Updated: Mar 27, 2019
It was a typically cold December morning and Emily was my last hitting lesson for the day. Immediately, I noticed she wasn’t wearing her normal happy. Usually, she bounced with every step and offered a joke with a bright smile each time she entered the hitting facility – but not on this day.
Also, I was struck by the absence of her parents, so I asked. She dropped her head and mumbled something about a fight.
Emily dropped her bat bag and took a seat upon a bench. I sat along beside her and encouraged her to talk.
Through tears, Emily let it all spill out. Years of frustration and a feeling of inadequacy stemming from her own perceived failures to meet the expectations of others had her reeling. By the time she finished talking, I felt a pit fully-formed in my stomach. My heart broke as I listened to what she had been keeping to herself.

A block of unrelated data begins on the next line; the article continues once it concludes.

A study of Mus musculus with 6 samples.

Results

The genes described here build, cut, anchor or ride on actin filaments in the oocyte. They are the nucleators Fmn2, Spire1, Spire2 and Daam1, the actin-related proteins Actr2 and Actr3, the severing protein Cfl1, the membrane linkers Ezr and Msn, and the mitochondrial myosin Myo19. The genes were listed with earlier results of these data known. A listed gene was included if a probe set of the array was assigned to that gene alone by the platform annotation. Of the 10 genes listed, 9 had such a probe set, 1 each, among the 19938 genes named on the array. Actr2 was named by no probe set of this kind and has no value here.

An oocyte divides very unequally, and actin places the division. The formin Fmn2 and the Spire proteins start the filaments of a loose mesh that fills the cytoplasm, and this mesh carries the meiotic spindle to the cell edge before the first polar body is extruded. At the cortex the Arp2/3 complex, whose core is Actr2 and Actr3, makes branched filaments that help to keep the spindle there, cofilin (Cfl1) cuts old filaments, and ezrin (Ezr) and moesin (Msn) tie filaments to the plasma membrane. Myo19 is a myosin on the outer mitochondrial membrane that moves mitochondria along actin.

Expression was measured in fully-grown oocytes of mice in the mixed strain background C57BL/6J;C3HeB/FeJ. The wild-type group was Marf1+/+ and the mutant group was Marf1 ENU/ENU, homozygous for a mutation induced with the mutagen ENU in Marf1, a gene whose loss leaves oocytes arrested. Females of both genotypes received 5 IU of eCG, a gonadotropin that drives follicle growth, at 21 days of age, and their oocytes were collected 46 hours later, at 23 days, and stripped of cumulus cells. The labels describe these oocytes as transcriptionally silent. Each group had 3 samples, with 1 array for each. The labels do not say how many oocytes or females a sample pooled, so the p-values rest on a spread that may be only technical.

Emily had been my hitting student since before she had started playing for her high school team. Like many of my students, she was serious about getting better, she never missed a lesson. Faithfully, her parents accompanied her each week to participate and see her progress.
Emily was a good hitter – a good student. Her parents were kind and supportive. Yet, on this day, Emily was sobbing.
She had started the conversation with a strong statement - “I don’t want to play in college.”
Emily was now a junior in high school and playing in college had seemed logical to her parents and those around her given her interest in lessons, her level of talent, and her on-field achievements.
She revealed to me that she had informed her parents that morning and they seemed confused and upset about the revelation. Adding to the difficulty, it crushed her to feel that she had let her parents down, which was precisely the reason she had hidden her thoughts for so long.
I asked Emily if she enjoyed playing softball and she quickly replied, “Not anymore.”